The United States is poised to become the world’s largest oil producer next year, overtaking Saudi Arabia and Russia to seize the top spot.
Domestic oil production has doubled over the last decade as new drilling technologies, like fracking, have allowed U.S. producers to profitably pump from far-flung oil fields, spanning from Ohio to New Mexico, turning the United States into a major exporter.
Despite rising U.S. production, global prices have been climbing in the past year as OPEC and Russia reduced their own production to raise prices. For now, rising prices are a huge benefit to oil producers, but are increasingly hurting drivers at the pump as oil traded over $70 per barrel on Friday.
**Outlook Worsens for Soybeans
This week, the news got worse for the United States’ top agricultural export, with new rounds of tariffs and a bearish forecast from the U.S. Department of Agriculture.
China matched the first and second rounds of U.S. tariffs of $34 and $16 billion last week, respectively, prompting President Trump to up the ante to tax another $200 billion of Chinese imports. As the trade war escalates, it seems more likely that Chinese tariffs against U.S. soybeans will be around for the foreseeable future, sharply reducing demand from the Asian nation that buys one third of all U.S. soybeans.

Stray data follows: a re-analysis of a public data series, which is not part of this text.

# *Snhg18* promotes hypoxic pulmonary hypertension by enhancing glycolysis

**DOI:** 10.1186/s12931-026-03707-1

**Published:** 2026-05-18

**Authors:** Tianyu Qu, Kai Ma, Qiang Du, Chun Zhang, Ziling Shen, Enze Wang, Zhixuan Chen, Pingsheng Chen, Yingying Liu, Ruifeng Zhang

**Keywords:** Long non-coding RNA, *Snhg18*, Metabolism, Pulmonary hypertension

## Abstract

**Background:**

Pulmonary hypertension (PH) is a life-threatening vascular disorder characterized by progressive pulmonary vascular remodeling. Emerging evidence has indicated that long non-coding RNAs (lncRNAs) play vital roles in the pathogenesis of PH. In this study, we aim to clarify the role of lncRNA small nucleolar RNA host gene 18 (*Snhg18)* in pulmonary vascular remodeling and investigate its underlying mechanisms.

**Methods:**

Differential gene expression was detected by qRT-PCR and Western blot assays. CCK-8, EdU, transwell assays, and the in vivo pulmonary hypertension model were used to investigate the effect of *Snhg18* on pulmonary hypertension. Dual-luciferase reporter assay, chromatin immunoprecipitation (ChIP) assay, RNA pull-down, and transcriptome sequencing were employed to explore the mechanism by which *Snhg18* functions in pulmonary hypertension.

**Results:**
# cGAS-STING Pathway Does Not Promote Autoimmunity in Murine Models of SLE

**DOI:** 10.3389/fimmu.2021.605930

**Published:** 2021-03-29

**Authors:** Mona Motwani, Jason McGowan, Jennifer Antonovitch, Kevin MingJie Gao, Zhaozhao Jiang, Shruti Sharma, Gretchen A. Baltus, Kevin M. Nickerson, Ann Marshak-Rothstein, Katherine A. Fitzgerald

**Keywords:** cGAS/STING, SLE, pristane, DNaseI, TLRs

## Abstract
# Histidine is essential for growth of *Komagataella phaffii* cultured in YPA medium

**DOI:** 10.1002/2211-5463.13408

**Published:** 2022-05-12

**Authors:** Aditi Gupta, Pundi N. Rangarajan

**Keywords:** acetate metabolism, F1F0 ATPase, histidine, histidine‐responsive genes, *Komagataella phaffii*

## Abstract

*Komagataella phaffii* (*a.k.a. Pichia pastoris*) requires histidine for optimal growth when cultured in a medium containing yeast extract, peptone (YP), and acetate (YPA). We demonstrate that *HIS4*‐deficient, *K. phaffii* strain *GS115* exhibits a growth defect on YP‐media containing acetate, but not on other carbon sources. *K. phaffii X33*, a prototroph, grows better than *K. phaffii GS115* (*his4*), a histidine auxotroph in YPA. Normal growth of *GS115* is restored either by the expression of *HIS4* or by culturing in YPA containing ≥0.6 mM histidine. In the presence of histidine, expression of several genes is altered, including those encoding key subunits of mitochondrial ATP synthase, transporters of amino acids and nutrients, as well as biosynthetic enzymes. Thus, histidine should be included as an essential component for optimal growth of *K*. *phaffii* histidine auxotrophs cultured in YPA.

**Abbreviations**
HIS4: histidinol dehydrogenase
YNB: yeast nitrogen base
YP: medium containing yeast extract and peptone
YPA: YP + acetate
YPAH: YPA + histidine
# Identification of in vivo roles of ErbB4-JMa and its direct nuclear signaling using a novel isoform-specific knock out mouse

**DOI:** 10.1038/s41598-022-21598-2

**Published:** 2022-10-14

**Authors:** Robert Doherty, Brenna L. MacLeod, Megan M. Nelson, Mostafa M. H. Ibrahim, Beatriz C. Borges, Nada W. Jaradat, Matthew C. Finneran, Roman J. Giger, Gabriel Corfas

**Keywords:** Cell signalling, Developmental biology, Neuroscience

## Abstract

Due to this diminished demand, the USDA released a fresh outlook for soybean supplies, suggesting that stockpiles could rise by over 50% by the end of next summer, projecting a carryout of 580 million bushels.
This looming glut of beans slashed prices to a new nine-year low on Friday morning under $8.12 per bushel.
**Sugar Market Sours
Sugar prices are nearing a three-year low, melting under 11 cents per pound on Friday. The sweetener is suffering from a record-large global glut and rising production.
Longer-term, the market will deal with two major opposing trends. Rising incomes in developing nations are giving consumers more money to spend on discretionary food purchases, like sweets and meats. However, rising warnings from the scientific community about the dangers of sugar are dampening demand, resulting in a slow growth in global consumption each year.
Despite the bearish outlook, some bargain hunters are getting ready to buy sugar on hopes that the market could double, as it did the last two times prices fell to 10 cents per pound.